Grace and Fury by Tracy Banghart
Published by: Little, Brown Books for Young Readers
Publication Date: July 31, 2018
Page Count: 320
Source: Indigo Teen
I received a free copy from Indigo Teen. My review reflects my honest and unbiased opinion.
“Women think they’re strong when they’re fighting other women, but when a man fights them, they know the truth.”
With some stories, you know how they unfold. And that anticipation may kill your love of the novel itself. But others, even if you predict what will happen, arrive in your life at just the right time. While I picked up Grace and Fury, I had no expectations. But what I never envisioned was how I needed to read this book.
While you read that blurb, what do you expect from this YA title? I wasn’t sure myself. But what I got is so much more than survival. Tracy shows readers that although the world may oppose them, they have the choice to stand up. She revives feminism and crafts it into something readers can look up to.
The world this author creates infuriates me, and I wanted to watch it burn to ash. But the characters kept me reading, kept me enthralled. This Italian-inspired feministic fantasy is ripe with thought-provoking character and story arcs. All the characters provide a unique perspective in a society where women do not have a voice and will never be heard.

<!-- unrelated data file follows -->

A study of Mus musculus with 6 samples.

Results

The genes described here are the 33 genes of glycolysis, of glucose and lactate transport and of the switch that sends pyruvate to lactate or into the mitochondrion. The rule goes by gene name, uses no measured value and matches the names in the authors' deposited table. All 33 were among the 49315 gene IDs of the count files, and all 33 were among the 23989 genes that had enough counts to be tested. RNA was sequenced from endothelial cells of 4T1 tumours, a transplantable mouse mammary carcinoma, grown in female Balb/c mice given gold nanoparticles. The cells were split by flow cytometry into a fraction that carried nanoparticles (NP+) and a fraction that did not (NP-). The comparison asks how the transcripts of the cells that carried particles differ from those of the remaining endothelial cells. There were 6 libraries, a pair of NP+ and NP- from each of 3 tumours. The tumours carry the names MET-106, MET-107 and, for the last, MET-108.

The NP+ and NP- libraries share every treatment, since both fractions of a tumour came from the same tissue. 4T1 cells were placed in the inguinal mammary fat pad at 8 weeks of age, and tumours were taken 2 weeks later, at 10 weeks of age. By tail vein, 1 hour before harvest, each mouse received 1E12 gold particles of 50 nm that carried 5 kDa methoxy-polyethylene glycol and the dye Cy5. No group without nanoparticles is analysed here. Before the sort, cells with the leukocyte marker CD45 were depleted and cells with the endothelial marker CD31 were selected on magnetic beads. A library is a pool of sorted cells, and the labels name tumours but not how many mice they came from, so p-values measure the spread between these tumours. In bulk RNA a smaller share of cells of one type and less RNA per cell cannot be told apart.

For her entire life, Serina Tessaro knows nothing outside of being a Grace, the perfect image of a woman who will serve the heir. So when the future king takes an interest in her head-strong and defiant sister, Nomi, Serina makes the ultimate sacrifice by protecting her sister’s secret and is banished to Mount Ruin. Surprisingly, I love her storyline the most. Serina is groomed to be the next Grace. This world never gives her a choice in what happens in her life. And when it does, she thrives in prison.
The court intrigue Nomi‘s thrust into intrigues me. She doesn’t understand this society as Serina does and often makes foolish mistakes. Trust and betrayal are part of the same coin. And this currency is foreign to her. She is the typical obstinate younger sister who doesn’t know which brother to trust: the heir who she believes will break her or the younger one who gives her hope.
One element that captivates me is the world building. The society Serina and Nomi live in prevents them from being anything more than wives, subjugates, and workers. Women cannot read. Yes, you heard me. They cannot read. They are the possession often bought or sold. But the women who rebel against this society are the shining beacon in this bleak environment. So expect strong and complex female roles.
While the overall storytelling is slightly predictable, I feel readers, particularly female ones, need to take a chance with this novel. It foretells the dangers in keeping silent. You see, silence is just as loud of words. And if we don’t speak up for the people who cannot do so themselves, we give the oppressors the advantage against us. Women empowerment is a dangerous yet thrilling creature to behold.